Marketing using Messages from Your Subconscious

There’s a reason we appeal to people’s emotions when we want to convince them to buy something:

It works.

Despite some who think rational reasons will sway more effectively than emotional ones, the research indicates just the opposite. Most recently, a study by the Institute of Practitioners in Advertising that looked at 1,400 case studies found ads with emotional content boosted profits twice as well as ads with only rational content. A 2016 Nielsen report found that ads that generated an emotional response resulted in a 23 percent boost in sales volume.

As Nobel Prize-winning psychologist Daniel Kahneman explained it in his best-seller, “Thinking, Fast and Slow,” the brain forms decisions in ways that are fast, emotional, and subconscious.

In other words, we make choices based on the brief feelings we pull from the subconscious mind. This means marketing that connects with strong emotions — nostalgia, sadness, comfort, confusion — can mold the way consumers view certain products or services.

And yet, as Douglas Van Praet, author of Unconscious Branding: How Neuroscience Can Empower (and Inspire) Marketing, wrote in Fast Company, “Businesses routinely make multimillion-dollar marketing decisions on the false premise that respondents in survey research can consciously explain the unconscious origins of their actions. They fail to recognize that most of the business of life happens through our emotions, below the threshold of awareness.”

We are emotive beings. We make choices based on our feelings. Effective advertising is what makes us reach for a brand we feel emotionally invested in because of an ad we saw years ago.

Emotions are not a luxury to decision-making, but an essential.

People with damage to the amygdala and hippocampus, areas of the brain correlated with emotion, are unable to make decisions. This means that when we make decisions like which company to trust or which services to buy, we are reliant upon the emotional context that our history with the service or product provides us.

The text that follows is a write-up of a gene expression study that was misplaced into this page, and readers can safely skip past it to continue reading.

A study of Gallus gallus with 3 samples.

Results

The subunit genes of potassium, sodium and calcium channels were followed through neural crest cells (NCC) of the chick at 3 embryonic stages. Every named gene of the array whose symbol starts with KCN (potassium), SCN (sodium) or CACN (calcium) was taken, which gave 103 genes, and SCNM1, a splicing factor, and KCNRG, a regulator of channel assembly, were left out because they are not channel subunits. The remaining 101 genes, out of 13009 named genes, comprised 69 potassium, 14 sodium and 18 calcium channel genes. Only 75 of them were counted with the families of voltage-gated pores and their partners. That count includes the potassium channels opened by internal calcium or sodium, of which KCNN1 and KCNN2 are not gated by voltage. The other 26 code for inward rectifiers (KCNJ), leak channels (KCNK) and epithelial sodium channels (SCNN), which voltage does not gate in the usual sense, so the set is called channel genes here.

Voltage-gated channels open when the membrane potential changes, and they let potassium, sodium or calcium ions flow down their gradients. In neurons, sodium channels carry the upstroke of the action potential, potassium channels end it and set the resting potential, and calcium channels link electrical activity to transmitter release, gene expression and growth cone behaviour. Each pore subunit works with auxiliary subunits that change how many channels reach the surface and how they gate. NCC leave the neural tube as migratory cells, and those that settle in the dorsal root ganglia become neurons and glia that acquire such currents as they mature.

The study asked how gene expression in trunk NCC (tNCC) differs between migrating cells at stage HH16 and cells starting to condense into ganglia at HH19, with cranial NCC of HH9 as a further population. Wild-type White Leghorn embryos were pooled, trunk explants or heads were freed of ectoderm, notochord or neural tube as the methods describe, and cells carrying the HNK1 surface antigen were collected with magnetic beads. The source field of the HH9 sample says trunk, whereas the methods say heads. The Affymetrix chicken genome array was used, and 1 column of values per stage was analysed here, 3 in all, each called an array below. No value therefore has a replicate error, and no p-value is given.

I can share three extremely effective examples of how this approach has applied to both enterprise and small business brands among our own clients.

Firstly, for a global software development firm in the architectural industry, we used the emotional triggers of need and control, personal growth and empowerment to motivate IT managers, land developers and architects to switch software platforms.

Secondly, for global coach builder and industrial design firm, we used nostalgia and exclusivity to convince potential clients in Europe and the U.S. to hire their firm to design new products.

Thirdly, for a California credit union, we used self-expression and recognition to increase new accounts and change the perception of the brand to both existing and new customers.

Emotional marketing is effective in this sense because it elicits a powerful feeling from consumers when they see an ad, permanently imprinting the felt emotion onto the pages of their memories. Their subconscious, then, sends the positive message of being emotionally attached to a product or company, which affects purchasing decisions.

In essence, the seemingly irrational feelings in your subconscious, not the rational thoughts in your conscious, are calling the shots. To put it in non-scientific terms, it’s better to appeal to the heart than the head. When you do, customer response and revenue increase.